Partnerships and Innovation

Office of Partnerships and Innovation
Office of Partnerships and Innovation

For Hülpr, learning who its customers are changed everything

Tim O’Hara’s big “A-ha moment” in the Wings Accelerator program came when he discovered who his customers really are.

For the last several years O’Hara and Jonathan Ladha have been working on an idea for a company they have named Hülpr. Their goal is simple: to provide seniors with dependable, vetted help. If seniors are looking for someone to do work around the home or dependable transportation to and from medical appointments, Hülpr will provide a database of service providers that the company has itself checked out, drawing heavily on retired police, military, corrections and health care professionals, trustworthy people who, says O’Hara, “have spent a career helping their communities.” A registered nurse by training, O’Hara’s experience helping his elderly parents cope with medical appointments and so forth convinced him that there was a demand for this service.

Hülpr had been involved in the Queen’s Partnerships and Innovation’s (QPI) Startup Runway program for about eight months when Rick Boswell, QPI’s Assistant Director for Programs and Operations, suggested that the firm might be ready for QPI’s Wings Accelerator, intended for entrepreneurs like O’Hara and Ladha who have a technology or science-based product but as yet no or small revenues.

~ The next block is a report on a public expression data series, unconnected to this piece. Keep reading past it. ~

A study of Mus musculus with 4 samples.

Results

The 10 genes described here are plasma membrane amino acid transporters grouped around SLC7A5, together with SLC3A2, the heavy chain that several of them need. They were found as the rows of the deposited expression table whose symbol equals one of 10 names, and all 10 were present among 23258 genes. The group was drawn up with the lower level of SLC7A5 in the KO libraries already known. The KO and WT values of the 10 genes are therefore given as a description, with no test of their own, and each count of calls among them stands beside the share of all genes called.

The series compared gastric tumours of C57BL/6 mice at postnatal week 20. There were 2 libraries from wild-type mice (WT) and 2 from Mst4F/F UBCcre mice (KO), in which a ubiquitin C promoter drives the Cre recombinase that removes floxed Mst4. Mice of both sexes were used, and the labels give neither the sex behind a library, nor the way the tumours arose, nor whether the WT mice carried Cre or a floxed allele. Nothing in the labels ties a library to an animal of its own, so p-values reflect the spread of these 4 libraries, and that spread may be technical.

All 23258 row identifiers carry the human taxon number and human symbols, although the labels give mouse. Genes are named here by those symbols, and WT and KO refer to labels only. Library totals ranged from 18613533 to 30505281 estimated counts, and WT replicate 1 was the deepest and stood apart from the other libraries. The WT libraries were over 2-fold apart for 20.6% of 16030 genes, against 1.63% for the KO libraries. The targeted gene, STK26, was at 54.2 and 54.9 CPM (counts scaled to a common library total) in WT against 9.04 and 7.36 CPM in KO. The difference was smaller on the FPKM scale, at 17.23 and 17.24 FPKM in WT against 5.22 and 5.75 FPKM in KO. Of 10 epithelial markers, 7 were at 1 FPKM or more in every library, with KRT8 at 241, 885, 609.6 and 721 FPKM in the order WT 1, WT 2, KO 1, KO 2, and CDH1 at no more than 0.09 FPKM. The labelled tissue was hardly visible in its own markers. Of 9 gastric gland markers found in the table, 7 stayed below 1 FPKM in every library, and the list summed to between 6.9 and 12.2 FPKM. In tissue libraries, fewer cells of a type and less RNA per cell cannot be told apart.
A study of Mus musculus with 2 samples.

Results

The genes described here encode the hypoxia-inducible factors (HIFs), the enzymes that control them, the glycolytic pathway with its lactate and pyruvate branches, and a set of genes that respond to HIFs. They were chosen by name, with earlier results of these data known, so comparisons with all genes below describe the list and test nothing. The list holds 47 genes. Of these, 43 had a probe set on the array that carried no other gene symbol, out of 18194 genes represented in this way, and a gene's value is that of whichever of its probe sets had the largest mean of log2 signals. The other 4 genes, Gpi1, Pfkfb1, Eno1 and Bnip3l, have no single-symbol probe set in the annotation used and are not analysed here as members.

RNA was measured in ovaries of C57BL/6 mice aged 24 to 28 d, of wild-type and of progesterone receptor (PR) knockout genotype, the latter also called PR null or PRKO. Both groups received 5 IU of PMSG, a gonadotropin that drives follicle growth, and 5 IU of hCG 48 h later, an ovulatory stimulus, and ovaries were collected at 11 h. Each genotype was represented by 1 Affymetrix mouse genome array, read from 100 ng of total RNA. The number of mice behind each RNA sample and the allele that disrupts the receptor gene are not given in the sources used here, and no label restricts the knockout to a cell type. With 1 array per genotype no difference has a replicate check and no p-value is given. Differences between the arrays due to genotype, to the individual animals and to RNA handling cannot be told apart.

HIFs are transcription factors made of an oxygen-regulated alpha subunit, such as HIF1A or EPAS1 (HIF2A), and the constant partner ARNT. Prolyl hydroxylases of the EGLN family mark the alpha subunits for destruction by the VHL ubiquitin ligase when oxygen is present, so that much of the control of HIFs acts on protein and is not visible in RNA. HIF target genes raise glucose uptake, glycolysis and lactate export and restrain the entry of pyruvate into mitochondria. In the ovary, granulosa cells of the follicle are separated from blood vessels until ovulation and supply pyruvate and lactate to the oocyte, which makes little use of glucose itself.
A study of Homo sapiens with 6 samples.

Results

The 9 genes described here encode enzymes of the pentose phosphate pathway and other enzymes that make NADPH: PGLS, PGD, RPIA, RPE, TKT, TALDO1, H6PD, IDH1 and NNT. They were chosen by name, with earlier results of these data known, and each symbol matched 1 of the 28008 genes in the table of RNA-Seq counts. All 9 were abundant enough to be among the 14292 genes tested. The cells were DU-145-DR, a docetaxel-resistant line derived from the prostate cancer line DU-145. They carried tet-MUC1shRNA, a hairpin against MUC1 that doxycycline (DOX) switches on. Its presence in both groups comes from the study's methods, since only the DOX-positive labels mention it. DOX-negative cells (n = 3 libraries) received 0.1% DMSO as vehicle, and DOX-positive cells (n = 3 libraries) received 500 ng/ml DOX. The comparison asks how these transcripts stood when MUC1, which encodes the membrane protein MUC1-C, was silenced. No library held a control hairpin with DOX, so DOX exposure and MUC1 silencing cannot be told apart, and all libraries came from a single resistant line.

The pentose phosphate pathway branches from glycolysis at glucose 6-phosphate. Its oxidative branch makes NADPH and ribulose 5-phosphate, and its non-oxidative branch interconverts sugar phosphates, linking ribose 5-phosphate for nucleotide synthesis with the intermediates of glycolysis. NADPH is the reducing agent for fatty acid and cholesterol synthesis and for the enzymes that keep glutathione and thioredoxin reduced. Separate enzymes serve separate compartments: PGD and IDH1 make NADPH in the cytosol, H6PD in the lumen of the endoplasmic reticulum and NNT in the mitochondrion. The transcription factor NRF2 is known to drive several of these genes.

Going into the program in June 2020, was the first time in O’Hara’s startup experience that he had been involved with what he calls a “structured workshop,” one where, as he puts it, there is someone who takes your hand and guides you. “I had no real expectations,” he says

A key element of the Wings Accelerator is customer discovery. Any would-be entrepreneur has some idea of who might want their service or product. It may seem surprising, but they may not be right about that. Because this is so central to their future success, course directors Elza Seregelyi and Andrew Jackson dedicate day one of the four-day program to providing the entrepreneurs with the tools to gain customer perspective and validation, and tell them to go out and interview potential customers, learn who they are and what they want.

“We always assumed in our marketing that our customers were those older adults,” says O’Hara. “But we quickly discovered that the clients we are looking for are the care givers, the ones who are actually responsible for coordinating the care of their parents,” in addition to the people in the health and emergency services world who also provide assistance.

“That was the first time,” says O’Hara, “that I thought, wow, somebody in this game is showing me the mistakes we might make and really helping me along.” Knowing who to target “changed everything in terms of our business plan, our pitch and our marketing. We’ve considered ourselves a new startup, but I feel at this point we’re much more organized and coordinated, which makes me feel like a medium startup -- if there is such a term,” he says.

“I’ve come out of Wings as a firm believer that this program and the customer discovery process are requirements for any entrepreneur wanting to succeed in the startup environment.“


The Wings/Growth Acceleration program was made possible with support from the Government of Canada to Queen’s University through the Federal Economic Development Agency for Southern Ontario and the Scale-up Platform Project which is led by Invest Ottawa in eastern Ontario and by Queen’s in the Kingston region.